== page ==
Dog bite attorneys may benefit by retaining the services a dog aggression expert when liability is contested in dog bite lawsuits involving attacks on humans. Questions about liability need to be examined from the perspective of animal behavior science using analysis that considers factors known to have a strong causal influence on the display of human-directed aggression in companion dogs. In dog bite lawsuits, human directed aggression commonly happens to unfamiliar people approaching the dog’s territory. In the animal behavior literature, this kind of aggression has been characterized as protective or territorial aggression.
Causal factors influencing human directed aggression in dogs may be grouped into four broad categories: hormones, environmental influences, learning, and genetics. Factors from these four categories do not act in isolation from each other. Instead, these factors work together interactively, instead of in an additive fashion.
Androgens, the collective name for the principal male hormone that includes testosterone, usually has a marked facilitative effect on the expression on canine human directed aggression . In contrast, progestins, the collective name for the principal female hormone, which includes estrogen, frequently has a significant inhibitory effect. Human directed aggression usually first appears in male dogs between approximately 9 and 16 months of age. Hence, the age of onset for this type of aggression correlates well with sexual maturity.
The practical implications of this are clear: Castration frequently lessens human directed aggression, particularly to those most familiar with a dog. In addition, medication with tricyclic antidepressants, or drugs like prozac, may also act to suppress a dog’s aggressive tendencies, but again the results vary depending on the past experience of the individual dog, and a host of other factors. In dog bite lawsuits, the attorney needs to question the defendant dog owner about the reproductive status of the dog involved and whether the dog was taking medication. The foreseeability of the dog attacking a human becomes greater if a male dog is not neutered and if it was on certain kinds of medication.
The feedback a dog receives from an owner is of critical importance in determining the likelihood of a dog displaying human directed aggression. Styles of feedback from the owner very tremendously. On one hand, there is the owner who seriously tries to discourage aggression by applying punishment (punishment must be applied in a judicious matter to avoid serious side effects), and this contrasts markedly with the owner who permits aggressive displays to go unattended (e.g. the over permissive owner). In dog bite lawsuits, attorneys need to discover the kind of interaction style the defendant dog owner had with the dog, and if punishment training techniques were used.
The opposite of punishment, reward, often strengthens aggressive responding to humans. This happens, for example in dogs who are taught to display aggression upon command to humans (e.g., attack-trained dogs), or dogs who are encouraged by owners to display aggression whenever a stranger approaches their property.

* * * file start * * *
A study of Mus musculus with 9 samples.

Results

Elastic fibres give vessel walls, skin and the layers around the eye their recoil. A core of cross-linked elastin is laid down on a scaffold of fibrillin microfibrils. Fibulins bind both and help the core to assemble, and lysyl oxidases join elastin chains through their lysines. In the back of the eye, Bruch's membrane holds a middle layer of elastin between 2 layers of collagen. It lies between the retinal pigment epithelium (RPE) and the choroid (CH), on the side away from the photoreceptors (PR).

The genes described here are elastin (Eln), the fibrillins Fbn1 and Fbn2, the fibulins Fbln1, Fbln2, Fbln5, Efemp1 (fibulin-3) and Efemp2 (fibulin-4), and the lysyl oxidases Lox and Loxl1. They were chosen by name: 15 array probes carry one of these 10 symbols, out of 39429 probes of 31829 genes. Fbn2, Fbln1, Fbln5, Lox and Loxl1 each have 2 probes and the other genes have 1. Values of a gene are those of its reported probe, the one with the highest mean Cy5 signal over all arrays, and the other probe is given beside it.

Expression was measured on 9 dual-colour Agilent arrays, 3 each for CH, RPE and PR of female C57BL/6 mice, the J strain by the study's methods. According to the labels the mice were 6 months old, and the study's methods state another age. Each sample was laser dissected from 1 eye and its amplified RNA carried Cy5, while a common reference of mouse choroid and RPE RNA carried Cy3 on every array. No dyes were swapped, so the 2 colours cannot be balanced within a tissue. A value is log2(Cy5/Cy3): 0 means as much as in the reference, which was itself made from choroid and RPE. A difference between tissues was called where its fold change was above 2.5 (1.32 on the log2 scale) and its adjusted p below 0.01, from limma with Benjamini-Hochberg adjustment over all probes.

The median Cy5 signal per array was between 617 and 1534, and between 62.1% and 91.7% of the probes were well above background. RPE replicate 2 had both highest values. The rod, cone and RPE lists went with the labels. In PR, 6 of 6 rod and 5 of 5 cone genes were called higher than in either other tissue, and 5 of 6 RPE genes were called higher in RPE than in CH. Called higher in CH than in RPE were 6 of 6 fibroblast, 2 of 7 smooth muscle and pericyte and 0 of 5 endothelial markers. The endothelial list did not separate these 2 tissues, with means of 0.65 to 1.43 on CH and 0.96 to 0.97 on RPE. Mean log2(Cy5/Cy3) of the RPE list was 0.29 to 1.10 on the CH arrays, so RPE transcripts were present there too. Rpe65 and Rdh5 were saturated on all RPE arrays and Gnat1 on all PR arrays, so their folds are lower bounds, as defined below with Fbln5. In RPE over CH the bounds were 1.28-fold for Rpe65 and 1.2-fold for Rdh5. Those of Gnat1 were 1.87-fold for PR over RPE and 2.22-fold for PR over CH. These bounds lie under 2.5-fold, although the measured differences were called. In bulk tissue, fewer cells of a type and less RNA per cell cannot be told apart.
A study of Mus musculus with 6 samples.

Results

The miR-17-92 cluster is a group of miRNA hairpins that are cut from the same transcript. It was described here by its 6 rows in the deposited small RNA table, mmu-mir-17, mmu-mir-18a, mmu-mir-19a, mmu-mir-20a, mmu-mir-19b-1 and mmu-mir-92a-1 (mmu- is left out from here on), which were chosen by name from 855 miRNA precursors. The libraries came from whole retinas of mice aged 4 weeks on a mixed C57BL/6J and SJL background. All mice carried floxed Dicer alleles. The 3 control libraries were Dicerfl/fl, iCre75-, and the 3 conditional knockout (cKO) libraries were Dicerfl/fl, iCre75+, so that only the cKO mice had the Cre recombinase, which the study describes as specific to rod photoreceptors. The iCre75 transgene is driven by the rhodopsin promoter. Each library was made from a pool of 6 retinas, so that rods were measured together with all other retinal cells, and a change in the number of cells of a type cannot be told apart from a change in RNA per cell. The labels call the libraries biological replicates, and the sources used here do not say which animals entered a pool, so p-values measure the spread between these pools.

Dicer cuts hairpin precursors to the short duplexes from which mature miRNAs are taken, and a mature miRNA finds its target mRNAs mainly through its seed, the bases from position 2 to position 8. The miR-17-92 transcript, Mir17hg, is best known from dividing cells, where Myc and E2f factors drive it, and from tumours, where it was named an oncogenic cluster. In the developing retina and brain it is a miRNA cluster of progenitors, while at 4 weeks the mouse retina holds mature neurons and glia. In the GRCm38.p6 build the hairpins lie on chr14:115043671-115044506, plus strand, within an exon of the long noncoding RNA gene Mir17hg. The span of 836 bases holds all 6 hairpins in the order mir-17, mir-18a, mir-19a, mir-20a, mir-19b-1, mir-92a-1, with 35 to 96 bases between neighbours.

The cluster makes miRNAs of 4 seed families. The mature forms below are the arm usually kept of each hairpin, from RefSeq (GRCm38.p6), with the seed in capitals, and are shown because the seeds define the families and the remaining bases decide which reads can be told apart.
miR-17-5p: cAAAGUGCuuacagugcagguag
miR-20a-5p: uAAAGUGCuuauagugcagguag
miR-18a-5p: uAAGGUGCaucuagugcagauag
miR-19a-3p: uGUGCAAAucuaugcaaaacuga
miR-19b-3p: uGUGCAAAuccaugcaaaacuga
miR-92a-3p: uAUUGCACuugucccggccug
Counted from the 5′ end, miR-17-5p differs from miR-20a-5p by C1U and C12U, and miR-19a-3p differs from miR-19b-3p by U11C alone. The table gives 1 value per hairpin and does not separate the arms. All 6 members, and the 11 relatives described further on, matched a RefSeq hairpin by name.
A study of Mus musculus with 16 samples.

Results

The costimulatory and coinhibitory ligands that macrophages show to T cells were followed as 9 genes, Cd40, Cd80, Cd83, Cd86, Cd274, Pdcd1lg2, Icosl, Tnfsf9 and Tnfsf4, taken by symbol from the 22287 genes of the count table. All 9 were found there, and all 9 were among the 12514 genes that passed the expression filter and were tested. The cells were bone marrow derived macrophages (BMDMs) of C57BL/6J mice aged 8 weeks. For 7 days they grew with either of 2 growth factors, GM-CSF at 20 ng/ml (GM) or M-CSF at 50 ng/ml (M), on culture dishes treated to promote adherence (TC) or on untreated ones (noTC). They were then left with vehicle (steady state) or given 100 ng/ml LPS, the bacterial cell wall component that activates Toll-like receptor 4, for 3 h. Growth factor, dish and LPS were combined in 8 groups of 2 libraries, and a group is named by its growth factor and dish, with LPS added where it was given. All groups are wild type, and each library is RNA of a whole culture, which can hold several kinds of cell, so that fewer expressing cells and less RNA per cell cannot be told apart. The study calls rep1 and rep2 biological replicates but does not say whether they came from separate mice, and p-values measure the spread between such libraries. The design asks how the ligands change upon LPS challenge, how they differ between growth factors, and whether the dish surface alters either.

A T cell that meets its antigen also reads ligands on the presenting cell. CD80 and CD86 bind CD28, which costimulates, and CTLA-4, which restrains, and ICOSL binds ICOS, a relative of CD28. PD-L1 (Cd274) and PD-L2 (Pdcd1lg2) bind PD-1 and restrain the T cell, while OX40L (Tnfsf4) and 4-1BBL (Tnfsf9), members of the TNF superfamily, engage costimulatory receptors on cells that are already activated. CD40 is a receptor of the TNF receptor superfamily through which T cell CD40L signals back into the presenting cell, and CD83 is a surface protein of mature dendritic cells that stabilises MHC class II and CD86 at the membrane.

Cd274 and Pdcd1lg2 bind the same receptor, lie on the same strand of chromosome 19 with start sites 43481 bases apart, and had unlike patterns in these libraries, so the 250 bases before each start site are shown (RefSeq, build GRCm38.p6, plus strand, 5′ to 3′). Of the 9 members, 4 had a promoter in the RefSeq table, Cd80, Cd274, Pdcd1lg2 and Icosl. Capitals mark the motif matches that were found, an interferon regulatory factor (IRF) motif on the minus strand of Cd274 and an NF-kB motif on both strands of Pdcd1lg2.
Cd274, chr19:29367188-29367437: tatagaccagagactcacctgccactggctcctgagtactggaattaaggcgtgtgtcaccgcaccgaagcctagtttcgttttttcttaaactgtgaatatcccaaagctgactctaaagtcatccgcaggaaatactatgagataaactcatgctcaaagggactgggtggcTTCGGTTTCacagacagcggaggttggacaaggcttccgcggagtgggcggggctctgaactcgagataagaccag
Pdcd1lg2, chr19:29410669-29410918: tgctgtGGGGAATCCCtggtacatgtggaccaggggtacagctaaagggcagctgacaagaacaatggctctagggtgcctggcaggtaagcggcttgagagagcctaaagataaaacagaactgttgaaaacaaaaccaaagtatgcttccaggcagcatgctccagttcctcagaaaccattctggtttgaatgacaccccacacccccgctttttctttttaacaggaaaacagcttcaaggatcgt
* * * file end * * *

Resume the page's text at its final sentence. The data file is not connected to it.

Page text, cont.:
Obedience training and socialization the dog has received, are other kinds of environmental influences that significantly affect the tendency to display human directed aggression. The dog bite attorney needs to question the defendant dog owner about the dog’s socialization and training experiences, and have the dog aggression expert determined what influences these factors might have had on the foreseeability of aggression in a dog.
Aggression in itself, especially if it’s successful, is often self-reinforcing to a dog. That is, after several successful aggressive encounters, many dogs become increasingly motivated direct aggression to a human in a given set of circumstances. The principle of self-reinforcement for aggressive responding was first demonstrated in laboratory rodents many years ago, and subsequently it has been shown to occur in a wide variety of both vertebrate species. This principle may be used in dog bite lawsuits when a claim for punitive damages is made. For example, prior to the dog bite incident that forms the basis of a lawsuit, this principle could be used to explain to a jury why it was likely that the dog had previously displayed aggression to humans. This may be helpful if the defendant dog owner denies any previous aggressive history by the dog.
Behaviors, like the physical features of a dog, such as its coat color are always affected by hereditary influences. Human directed aggression is no exception. Certain breeds are more prone to display aggression to humans when compared with other breeds. It would be foolish to dismiss this fact and assert, for example, that German shepherds or Chows are generally less aggressive to humans, particularly in a territorial sense. German shepherds and Chows are what they are because of many years of selective breeding for particular behavioral tendencies. However, dog bite attorneys, perhaps after receiving input from the dog aggression expert, usually come to realize that a dog’s breed in itself is not sufficient evidence to put an owner on notice about the dog’s aggressive tendencies. The breed of the dog along with other factors, some noted above in this short article, need to be considered in determining the foreseeability of aggressive responding in a dog.